Live Like a Mad Man
You, too, can have the suburban life of Don and Betty Draper.
Photo courtesy of AMC
Westchester’s Don Juan, Don Draper, with one of his mistresses.
On TV’s Mad Men, Don Draper, Sterling Cooper Advertising Agency’s creative director, and his family make their unhappy home in the Chilmark neighborhood of Ossining. The year is 1963. Mad Men series creator Matthew Weiner told Westchester Magazine he chose Ossining for “the same reason John Cheever did—because there’s a prison there.”
But Sing Sing isn’t the only Westchester locale playing a supporting role on the AMC award-winning drama. Check out the following spots to recreate the Drapers’ Westchester experience (without the depression and adultery, of course) before the third-season finale on November 10.
1) Ossining Train Station
Until the last five minutes of the show’s first episode, Don Draper appears to be a sweet-talking Manhattan adman with a Greenwich Village bohemian girlfriend. It is when Draper pulls into the Ossining train station in the series premiere that the audience starts to realize that he is leading a double life, shuttling between his cosmopolitan affair and his unsuspecting wife and kids in the ’burbs.
Be Like Don Draper: Nix the affair, but take a ride on the railroad. The New York Central Railroad Draper rode from Ossining is now Metro-North’s Hudson Line, which will take you into Grand Central Station. (A monthly pass cost $33.96 in the ’60s; it’ll run you $243 today for the same ride into Midtown.) Draper likely smoked Marlboros and drank whiskey on the commute, but lighting up was banned on Metro-North
trains in 1988. And although you’re still allowed to drink alcohol on Metro-North, the Hudson line lacks the bar car—to buy a drink on board you’ll need to take the New Haven Line.
Ossining Train Station
1 Main St, Ossining
2) Antiquing in Tarrytown
While attempting to furnish baby No. 3’s room, Don’s wife, Betty, declares, “We should really spend the day in Tarrytown. It would be so easy.” Son Bobby argues, “Those stores smell bad.” His dad won’t have it. “We’re going to Tarrytown,” he says, “and you’re going to stare at an antique chair for so long, the buttons are going to seem interesting. And then we’ll go to Carvel.”
Be Like Don Draper: Tarrytown is still the antiquing hub of Westchester. But what the Drapers considered contemporary in 1963, many Tarrytown antiques shops today carry as retro pieces. Indeed, you can dress your house like the Drapers’. Check out Belkind Bigi for the best mid-century modern furniture. And for that famous soft-serve cone, Westchester is home to dozens of Carvels—though their numbers may be dwindling—including one in Briarcliff Manor, practically in Don Draper’s backyard.
21 Main St, Tarrytown
1874 Pleasantville Rd, Briarcliff Manor
3) Rockefeller Estate
Photo courtesy of Historic Hudson Valley
Kykuit, the Rockefeller estate at which Governor Nelson Rockefeller married “Happy,” a union Betty Draper disapproved of.
When an acquaintance who flirts with Betty Draper tells her he was just in Pocantico Hills for Governor Nelson Rockefeller and Margaretta “Happy” Murphy’s wedding, Betty voices her disapproval of the union. At the time, the marriage was considered quite the scandal: Happy had divorced only a month earlier and she was 18 years younger than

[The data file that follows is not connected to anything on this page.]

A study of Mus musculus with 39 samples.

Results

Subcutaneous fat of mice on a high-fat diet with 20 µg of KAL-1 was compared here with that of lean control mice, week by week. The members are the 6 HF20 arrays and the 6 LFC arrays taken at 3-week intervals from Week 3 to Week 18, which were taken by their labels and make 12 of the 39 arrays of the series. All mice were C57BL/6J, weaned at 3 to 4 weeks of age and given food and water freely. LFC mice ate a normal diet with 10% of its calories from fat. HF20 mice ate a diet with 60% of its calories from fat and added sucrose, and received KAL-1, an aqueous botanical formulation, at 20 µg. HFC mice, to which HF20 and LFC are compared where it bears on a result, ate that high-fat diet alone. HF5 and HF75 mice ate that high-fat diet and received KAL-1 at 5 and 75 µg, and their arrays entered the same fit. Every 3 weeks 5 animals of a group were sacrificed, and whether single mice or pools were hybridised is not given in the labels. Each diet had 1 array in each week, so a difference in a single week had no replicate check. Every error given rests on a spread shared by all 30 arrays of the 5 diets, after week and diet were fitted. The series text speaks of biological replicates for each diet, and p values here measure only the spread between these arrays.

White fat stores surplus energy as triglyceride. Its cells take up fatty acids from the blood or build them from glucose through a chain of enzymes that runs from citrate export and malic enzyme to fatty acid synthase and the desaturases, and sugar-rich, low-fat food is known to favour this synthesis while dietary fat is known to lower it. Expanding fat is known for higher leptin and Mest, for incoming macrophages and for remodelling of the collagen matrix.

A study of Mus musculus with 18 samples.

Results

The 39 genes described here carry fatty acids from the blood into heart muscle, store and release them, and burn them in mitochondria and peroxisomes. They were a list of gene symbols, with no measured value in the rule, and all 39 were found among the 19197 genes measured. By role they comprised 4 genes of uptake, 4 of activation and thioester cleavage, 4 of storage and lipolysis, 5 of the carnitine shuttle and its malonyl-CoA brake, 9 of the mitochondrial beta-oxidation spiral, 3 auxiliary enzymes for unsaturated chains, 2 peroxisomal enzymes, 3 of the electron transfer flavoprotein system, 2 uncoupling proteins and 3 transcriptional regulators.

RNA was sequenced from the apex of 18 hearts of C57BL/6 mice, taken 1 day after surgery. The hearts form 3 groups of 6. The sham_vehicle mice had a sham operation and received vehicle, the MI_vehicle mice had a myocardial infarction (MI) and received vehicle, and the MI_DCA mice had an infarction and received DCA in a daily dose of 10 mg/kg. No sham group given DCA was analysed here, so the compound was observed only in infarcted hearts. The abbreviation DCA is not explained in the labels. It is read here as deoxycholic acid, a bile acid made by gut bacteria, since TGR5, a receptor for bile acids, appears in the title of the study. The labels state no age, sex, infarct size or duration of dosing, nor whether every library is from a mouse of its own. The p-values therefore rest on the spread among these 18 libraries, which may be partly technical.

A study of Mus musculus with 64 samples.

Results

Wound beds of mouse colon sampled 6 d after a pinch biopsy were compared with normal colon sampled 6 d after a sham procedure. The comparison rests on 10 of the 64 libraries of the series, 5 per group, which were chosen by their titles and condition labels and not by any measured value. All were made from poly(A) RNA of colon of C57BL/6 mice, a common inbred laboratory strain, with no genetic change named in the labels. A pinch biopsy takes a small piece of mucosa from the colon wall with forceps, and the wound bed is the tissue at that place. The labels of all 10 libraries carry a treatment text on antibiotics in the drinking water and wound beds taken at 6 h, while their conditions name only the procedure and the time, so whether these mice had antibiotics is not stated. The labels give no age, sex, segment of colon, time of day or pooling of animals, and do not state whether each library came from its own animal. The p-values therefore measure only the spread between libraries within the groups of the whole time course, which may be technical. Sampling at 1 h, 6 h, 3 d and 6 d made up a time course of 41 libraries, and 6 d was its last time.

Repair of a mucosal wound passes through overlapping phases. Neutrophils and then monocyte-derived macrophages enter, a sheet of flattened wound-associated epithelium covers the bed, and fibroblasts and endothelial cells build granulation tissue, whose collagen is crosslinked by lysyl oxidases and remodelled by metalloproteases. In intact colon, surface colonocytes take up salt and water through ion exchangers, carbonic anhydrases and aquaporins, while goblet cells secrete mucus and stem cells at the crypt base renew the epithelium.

Be Like Don Draper: While marrying Happy may have ended Nelson’s chances of becoming president, Happy helped Nelson create a sculpture garden at Kykuit, the Rockefeller estate, which includes works by Pablo Picasso, Alexander Calder, and Henry Moore. Take a tour of the 40-room Kykuit any day of the week (except Tuesday) and make sure to check out the Italian garden and the Adam and Eve fountain area on the premises.
381 N Broadway, Sleepy Hollow
4) Brookside School
Troubled child Sally Draper attends Brookside Elementary School in Ossining and, during a parent-teacher conference to discuss Sally’s troubled behavior, Don lusts after her free-spirited teacher.
Be Like Don Draper: Move to Ossining and send your kids to Brookside. Little Sally’s class is lily-white (and, in fact, even more than a decade later, in 1974, only 2.4 percent of Brookside students were black). A 1969 New York State study named Ossining one of the 54 most segregated districts in New York. Race riots broke out at Ossining High School between 1968 and 1974, the year the school board announced its integration plan. The plan divided students into four newly carved, demographically and socioeconomically balanced elementary school districts. As a result, today Ossining is one of Westchester’s most racially integrated school districts.
Brookside Elementary School
30 Ryder Rd, Ossining
Neighbors of Don and Betty Draper—the prisoners of Sing Sing.
5) Sing Sing
And then, of course, there’s the reason Weiner chose to set his show here. While Betty is attempting idle country-club chatter at a Memorial Day party, another woman turns the conversation to the Rosenberg execution at Sing Sing and says, “I keep having a dream that there’s a power failure and the gates open.” Betty, in an example of her refusal to face the dark reality of her life, says, “Let’s change the subject.”
Be Like Don Draper: While the Drapers steered clear of Sing Sing, today you can go to the Sing Sing exhibit at the Joseph G. Caputo Community Center and see a replica of the electric chair used to execute Julius and Ethel Rosenberg (it ceased operation in 1963). But don’t expect an Alcatraz experience—though a full-scale museum has long been talked about, Sing Sing is still a maximum-security prison that houses 1,700 prisoners, prohibiting tour groups.
Sing Sing Prison Exhibit
Joseph G. Caputo Community Center
95 Broadway, Ossining
Diana Scholl is a New York City-based journalist who was born and raised in Ossining and has watched every episode of Mad Men.